Is open access a threat to traditional journals? Can they exist side by side, or is there a viable limit or advantage to maintaining a select few? Having asked my professors for interesting articles on online communities, I fell upon a discussion at the Media Anthropology Network http://www.media-anthropology.net/discussion_open_access_pub.pdf regarding the feasibility of going open access which brought up a number of questions:
Given that most journals are understaffed, and underfunded, would an influx of open access journals stretch out the existing pool of reviewers too thin?
To answer this, I think there are interesting parallels to be drawn between open access publishing and open source software projects. Among open source projects, there are often competing developer communities working on very similar projects. The developers of the KDE desktop, and the Gnome desktop have both created excellent graphical environments that can be run on the free and open source GNU operating system. Arguments have been made to the effect that their talents are spread thin, and if they just worked together they could create something even better.
Over at cool.org, Eric Raymond, in a video interview, argues that “it turns out to be really important that theres a lot of fluidity and play and slip in the way that the linux world is organized basically as a bunch of little projects that people then sort of assemble horizontally into distributions but there are multiple competing distributions and if you don’t like a particular project its easy to plug in a competing project. Thats harder to do in the BSD world there distributions tend to be dominated by small elites and the distributions themselves are more rigid…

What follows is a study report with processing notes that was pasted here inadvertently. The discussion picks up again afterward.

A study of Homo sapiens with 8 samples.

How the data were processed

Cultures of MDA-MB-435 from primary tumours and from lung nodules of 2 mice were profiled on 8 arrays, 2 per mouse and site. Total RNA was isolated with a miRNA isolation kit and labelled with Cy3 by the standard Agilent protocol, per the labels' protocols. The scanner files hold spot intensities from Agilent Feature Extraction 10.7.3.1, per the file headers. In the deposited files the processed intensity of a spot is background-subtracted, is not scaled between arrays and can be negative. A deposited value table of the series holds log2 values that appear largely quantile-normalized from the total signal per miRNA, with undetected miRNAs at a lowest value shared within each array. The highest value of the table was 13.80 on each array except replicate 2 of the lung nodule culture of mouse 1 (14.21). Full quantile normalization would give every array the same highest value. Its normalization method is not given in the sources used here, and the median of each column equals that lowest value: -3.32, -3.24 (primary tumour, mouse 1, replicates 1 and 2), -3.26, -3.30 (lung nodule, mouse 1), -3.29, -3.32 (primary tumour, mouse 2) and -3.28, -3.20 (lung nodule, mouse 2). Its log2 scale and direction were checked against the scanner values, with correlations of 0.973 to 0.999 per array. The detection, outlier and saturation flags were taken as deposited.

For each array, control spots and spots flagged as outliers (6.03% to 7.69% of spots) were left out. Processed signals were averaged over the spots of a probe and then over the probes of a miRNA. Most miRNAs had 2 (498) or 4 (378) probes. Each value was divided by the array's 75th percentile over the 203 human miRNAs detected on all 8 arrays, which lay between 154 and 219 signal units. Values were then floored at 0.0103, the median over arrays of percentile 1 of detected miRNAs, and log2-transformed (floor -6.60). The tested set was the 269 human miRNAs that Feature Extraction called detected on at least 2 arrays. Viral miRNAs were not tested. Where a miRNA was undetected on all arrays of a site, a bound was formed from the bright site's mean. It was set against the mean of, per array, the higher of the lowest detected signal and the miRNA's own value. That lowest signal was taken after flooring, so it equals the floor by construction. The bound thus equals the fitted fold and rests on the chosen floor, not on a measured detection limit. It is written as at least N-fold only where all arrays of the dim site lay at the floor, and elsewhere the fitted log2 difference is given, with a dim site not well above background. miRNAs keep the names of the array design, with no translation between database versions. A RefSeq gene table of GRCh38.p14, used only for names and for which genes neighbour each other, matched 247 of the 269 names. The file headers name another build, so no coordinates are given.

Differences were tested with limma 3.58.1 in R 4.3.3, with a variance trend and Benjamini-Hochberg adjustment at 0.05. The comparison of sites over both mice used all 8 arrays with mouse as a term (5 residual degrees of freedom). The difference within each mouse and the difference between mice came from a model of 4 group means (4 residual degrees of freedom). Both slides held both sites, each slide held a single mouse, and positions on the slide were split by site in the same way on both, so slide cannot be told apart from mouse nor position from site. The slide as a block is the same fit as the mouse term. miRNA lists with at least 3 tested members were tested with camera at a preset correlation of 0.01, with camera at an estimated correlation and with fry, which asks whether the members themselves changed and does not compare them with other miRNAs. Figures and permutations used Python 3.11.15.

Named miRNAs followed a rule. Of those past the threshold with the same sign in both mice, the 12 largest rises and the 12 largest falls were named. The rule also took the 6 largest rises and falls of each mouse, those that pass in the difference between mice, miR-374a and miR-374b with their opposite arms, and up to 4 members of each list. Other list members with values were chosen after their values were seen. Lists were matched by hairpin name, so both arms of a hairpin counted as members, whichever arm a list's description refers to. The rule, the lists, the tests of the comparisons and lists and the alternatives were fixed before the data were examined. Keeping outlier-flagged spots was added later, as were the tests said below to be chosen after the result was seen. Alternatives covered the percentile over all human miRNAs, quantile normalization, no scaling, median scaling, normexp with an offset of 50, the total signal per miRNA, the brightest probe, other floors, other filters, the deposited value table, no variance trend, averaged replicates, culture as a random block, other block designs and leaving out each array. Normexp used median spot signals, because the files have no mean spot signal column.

… that imposes a certain uniformity a certain rigidity that turns out to be a problem because if you have a policy disagreement or a philosophy disagreement with the elite that runs a particular distribution your only alternative really is to clone the entire distribution and go into competition with them and that means that the BSD world tends to be a lot more fractious and to have a smaller community and to have much more bitter politics than the linux community does… ” (http://cool.org/?p=59)
Having no experience with anthropological journals, I wonder how this argument holds up. Are traditional journals the small elite, with a smaller fractious community, and open access journals the new community charged Linux? But theres no reason existing journals can’t just go open access. And in the case of Linux and BSD, both are open source (with different license particularities). So here theres a difference between going open access, and the way we go about managing the production as a whole.
Along with arguments to go open access, are arguments to open up the review process and to speed up publishing times. A lot of it has to do with control, and responsibility to the larger community.
I think its important not to over complicate the matter however. Peer review is one thing, open access publishing is another, both can also work together. But if peer review is a challenge for journals, in that finding reviewers is a challenge and a burden on the academic community, then perhaps there are ways to open up the review process as well (having never published I am only beginning to look into all the pitfalls of anonymous vs public review, etc).
In my own experience I am pretty much clueless, even as a grad student, as to which journals bring prestige and which don’t. I certainly go out of my way to cite papers I find online -(aka out of my way to avoid digging through actual library shelves).